Schneider RS232 Interface

From CPCWiki - THE Amstrad CPC encyclopedia!
Jump to: navigation, search

RS232 Interface for the CPC by Schneider. Schneider is the German distributor for Amstrad CPC hardware (however, this interface was Schneider's own invention, not an Amstrad product).


The original Schneider RS232 Interface was released around 1985. Two years later, in 1987, a software-compatible clone was released as DIY schematic in a German book (link). Even later, around 1996, a copy of that DIY schematic also circulated in the internet (link). The DIY port address, timings and handshake signals are exactly the same as in the original Schneider version - except that DCD (Data Carrier Detect) isn't implemented in the DIY version.


I/O Ports

Default I/O addresses are F8E0h-F8EFh (though the interface can be jumpered to use different addresses).

F8E0h - Z80-STI Indirect Data Register
F8E1h - Z80-STI General Purpose I/O Data Register
F8E2h - Z80-STI Interrupt Pending Register B      ;\
F8E3h - Z80-STI Interrupt Pending Register A      ;
F8E4h - Z80-STI Interrupt in-Service Register B   ; not used
F8E5h - Z80-STI Interrupt in-Service Register A   ;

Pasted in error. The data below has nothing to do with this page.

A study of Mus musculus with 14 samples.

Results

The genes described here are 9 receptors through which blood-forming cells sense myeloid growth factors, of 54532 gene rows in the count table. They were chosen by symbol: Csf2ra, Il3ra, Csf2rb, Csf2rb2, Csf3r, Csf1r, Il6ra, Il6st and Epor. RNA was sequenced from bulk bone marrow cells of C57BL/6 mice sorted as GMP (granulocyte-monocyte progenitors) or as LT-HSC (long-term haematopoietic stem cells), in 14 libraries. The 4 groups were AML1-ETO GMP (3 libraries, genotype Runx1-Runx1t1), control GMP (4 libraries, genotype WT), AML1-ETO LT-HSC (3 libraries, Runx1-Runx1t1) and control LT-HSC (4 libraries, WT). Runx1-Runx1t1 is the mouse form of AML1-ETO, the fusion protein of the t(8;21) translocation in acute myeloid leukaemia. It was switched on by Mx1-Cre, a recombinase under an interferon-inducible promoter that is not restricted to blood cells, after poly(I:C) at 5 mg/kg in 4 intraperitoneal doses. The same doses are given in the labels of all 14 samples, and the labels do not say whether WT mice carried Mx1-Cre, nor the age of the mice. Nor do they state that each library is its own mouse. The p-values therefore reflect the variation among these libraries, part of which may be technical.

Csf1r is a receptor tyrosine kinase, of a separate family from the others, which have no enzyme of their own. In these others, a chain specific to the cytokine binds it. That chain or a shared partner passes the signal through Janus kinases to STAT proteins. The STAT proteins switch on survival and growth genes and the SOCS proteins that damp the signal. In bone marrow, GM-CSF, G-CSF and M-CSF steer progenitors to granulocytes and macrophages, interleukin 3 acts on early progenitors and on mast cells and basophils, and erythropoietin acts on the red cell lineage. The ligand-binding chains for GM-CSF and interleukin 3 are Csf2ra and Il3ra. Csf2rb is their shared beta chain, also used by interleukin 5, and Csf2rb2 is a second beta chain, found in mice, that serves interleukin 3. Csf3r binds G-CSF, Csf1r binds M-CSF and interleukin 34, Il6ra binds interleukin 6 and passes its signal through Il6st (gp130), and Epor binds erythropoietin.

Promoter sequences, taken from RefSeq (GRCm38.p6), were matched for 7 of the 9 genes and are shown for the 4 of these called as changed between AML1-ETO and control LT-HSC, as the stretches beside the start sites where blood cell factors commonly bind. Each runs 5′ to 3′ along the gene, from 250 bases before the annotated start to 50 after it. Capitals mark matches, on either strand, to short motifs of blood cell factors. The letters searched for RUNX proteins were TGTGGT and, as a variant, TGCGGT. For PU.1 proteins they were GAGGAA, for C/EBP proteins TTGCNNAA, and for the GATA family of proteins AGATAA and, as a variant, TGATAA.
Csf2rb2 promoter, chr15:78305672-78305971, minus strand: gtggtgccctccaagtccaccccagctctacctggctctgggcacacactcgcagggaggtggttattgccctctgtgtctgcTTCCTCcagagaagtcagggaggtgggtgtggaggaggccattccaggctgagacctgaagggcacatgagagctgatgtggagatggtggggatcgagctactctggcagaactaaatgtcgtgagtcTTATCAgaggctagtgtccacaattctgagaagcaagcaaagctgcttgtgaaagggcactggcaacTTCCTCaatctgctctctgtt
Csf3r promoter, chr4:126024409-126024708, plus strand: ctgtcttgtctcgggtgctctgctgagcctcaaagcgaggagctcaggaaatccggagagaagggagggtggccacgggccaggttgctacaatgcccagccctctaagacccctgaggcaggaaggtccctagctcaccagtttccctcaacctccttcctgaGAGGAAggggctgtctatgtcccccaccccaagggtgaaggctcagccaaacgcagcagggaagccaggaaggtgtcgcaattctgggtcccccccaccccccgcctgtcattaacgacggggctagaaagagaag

F8E6h - Z80-STI Interrupt Mask Register B         ;
F8E7h - Z80-STI Interrupt Mask Register A         ;/
F8E8h - Z80-STI Indirect Index and Interrupt Vector Register
F8E9h - Z80-STI Timers A and B Control Register   ;\
F8EAh - Z80-STI Timer B Data Register             ; not used
F8EBh - Z80-STI Timer A Data Register             ;/
F8ECh - Z80-STI USART Control Register
F8EDh - Z80-STI Receiver Status Register
F8EEh - Z80-STI Transmitter Status Register
F8EFh - Z80-STI USART Data Register

Aside from the above 16 directly addressable registers, there are 8 indirectly addressable ones. For details on the direct & indirect registers, see Z80-STI.


  • Supported by "Starwriter".
  • BASIC example (for the official version) is found in the Schneider RS232 manual (see below scans)
  • ASM example (for the DIY version) is included with Tim Riemann's RS232 interface

Manual (German)


The uncommon shape of the housing dates back to a Schneider BTX modul (which was being intended to be plugged into Schneider Television Sets). Apparently Schneider produced too many housings, and re-used them for the RS232 interface. Actually, a RS232 interface is very much the same as a BTX interface (the actual BTX modem must be rented separately from Deutsche Bundespost), so even the PCB may be (almost/exactly?) the same for both devices.


A review appeared in German magazine CPC Schneider International (issue 12-1985, pages 38, 39).


  • A "Z80 STI" is a 40pin MK3801 chip from Mostek. Details on that chip are from the "MOSTEK 1982/1983 Microelectronic Data Book" (kindly made available by John Robertson).